The Curious Case of the Intercepted Book | Edward Pentin | CWR
Copies of a controversial book were mailed to participants in last year’s synod, yet only a fraction of them were received. Was this due to a simple error or was something else going on?
[Editor’s note: The following is an exclusive excerpt from Edward Pentin’s new book The Rigging of a Vatican Synod? An Investigation of Alleged Manipulation at the Extraordinary Synod on the Family, available now from Ignatius Press as an e-book. To find out what really went on before, during, and after last year’s controversial Synod of Bishops, Pentin spent months speaking to many of those who were there and piecing together what happened behind the closed doors of the Vatican’s Synod Hall.
This excerpt is about the controversy surrounding the book Remaining in the Truth of Christ, copies of which were mailed to the synod participants. Only a fraction of those copies made it to their intended recipients, however, as Pentin reports.]
The Intercepted Book
… Alarmed by the platform Kasper had been given for such a potentially drastic change in pastoral practice, one that critics believed would seriously undermine the Church’s teaching on marriage, a group of Church experts, including five cardinals, would write a riposte in the form of a book.
Remaining in the Truth of Christ: Marriage and Communion in the Catholic Church, published by Ignatius Press, was written by five cardinals from Italy, Germany, and the United States, one archbishop, two religious, and one layman (the contributors were Walter Cardinal Brandmüller; Raymond Cardinal Burke; Carlo Cardinal Caffarra; Velasio Cardinal De Paolis, C.S.; Robert Dodaro, O.S.A.; Paul Mankowski, S.J.; Gerhard Cardinal Müller; John M. Rist; and Archbishop Cyril Vasil, S.J.). They felt obliged to write in response to Cardinal Kasper’s proposal, which Kasper had published following the February 2014 consistory and which they saw as implicitly inviting a public response.
Among other things, the book contends that Christ in the New Testament unambiguously prohibits divorce and remarriage on the basis of God’s original plan for marriage set out at Genesis 1:27 and 2:24. This is part of the Gospel of the Family, and it goes back to Christ, not simply to the Church’s rules. From this starting point, the contributors carefully and unpolemically outline the theological, moral, and pastoral case for the Church’s pastoral practice.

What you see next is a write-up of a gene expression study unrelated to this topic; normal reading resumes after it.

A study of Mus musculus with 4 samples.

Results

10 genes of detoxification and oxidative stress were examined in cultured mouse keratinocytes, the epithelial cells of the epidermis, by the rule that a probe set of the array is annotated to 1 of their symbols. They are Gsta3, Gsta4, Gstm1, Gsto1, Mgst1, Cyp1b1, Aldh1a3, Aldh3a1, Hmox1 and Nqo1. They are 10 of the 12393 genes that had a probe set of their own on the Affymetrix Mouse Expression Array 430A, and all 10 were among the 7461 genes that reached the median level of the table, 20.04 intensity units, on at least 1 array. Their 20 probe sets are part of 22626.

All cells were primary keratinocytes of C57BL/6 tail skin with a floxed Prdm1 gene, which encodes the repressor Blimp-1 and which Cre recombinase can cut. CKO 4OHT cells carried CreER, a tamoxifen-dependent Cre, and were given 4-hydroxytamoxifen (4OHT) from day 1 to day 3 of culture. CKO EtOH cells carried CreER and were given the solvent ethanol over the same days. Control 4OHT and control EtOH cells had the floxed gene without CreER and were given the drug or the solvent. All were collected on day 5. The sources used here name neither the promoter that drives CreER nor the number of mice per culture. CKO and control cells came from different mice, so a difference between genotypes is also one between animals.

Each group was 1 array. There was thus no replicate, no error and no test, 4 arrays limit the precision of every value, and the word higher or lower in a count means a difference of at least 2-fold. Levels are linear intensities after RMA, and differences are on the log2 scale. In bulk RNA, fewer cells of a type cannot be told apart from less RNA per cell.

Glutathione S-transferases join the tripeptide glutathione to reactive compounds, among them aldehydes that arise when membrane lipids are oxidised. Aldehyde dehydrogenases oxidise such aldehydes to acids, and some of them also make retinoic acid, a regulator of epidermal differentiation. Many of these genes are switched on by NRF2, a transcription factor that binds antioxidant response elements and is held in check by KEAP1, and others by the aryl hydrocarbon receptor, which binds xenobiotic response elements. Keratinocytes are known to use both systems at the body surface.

The book was devised in absolute confidentiality. Although Pope Francis had never publicly endorsed the Kasper proposal, he was widely believed to be sympathetic to it, since he had given Kasper such a prominent platform at the consistory and because of his public support for the cardinal’s other writings and because of Kasper’s claim that the pope fully supported him and rumors that the pope privately thinks it admissible to distribute Holy Communion to civilly remarried divorced Catholics in certain circumstances and did so when he was archbishop of Buenos Aires.
That the pope actually did favor Kasper’s position was unclear, but the editors and writers decided it was not worth the risk for the project to become public. Perhaps if the pope found out it was in the works, he would stop it. And he would be free to do so: as pope, he would be at liberty to tell any of the cardinals involved to halt its publication, and they would be duty bound to carry out his wish in obedience to him. But even if the pope did not intervene, others might work to block the work or try to discredit it before it was published.
It is not clear, even today, who originally had the idea for the work. Cardinal Burke took the lead in compiling the contributions, but he may have received direction from someone else, possibly from someone in the Congregation for the Doctrine of the Faith (CDF), which certainly supported the position of the book, as an essay by Cardinal Müller formed one of its chapters.
Burke, in turn, worked with Augustinian Father Robert Dodaro, the American president of the Institutum Patristicum Augustinianum in Rome, who served as editor. The cardinal called him a day or two before the Easter Triduum in 2014 and asked if he would write a chapter on patristics. Father Dodaro had fortuitously just written a long text for the CDF on the patristic arguments of Cardinal Kasper’s talk to the extraordinary consistory.
Having found Kasper’s position defective, Dodaro was happy to oblige, but, because marriage and divorce in late antiquity was not his particular field, he recommended Professor John Rist. A classical philosophy professor emeritus of the University of Toronto, Rist is known to be a “top grade” philosopher and one of the world’s foremost experts on the ancient Church. Dodaro thought few would be willing to dispute his analysis. When Rist agreed to participate, Burke invited Dodaro to edit the book.
The book was duly compiled in record time.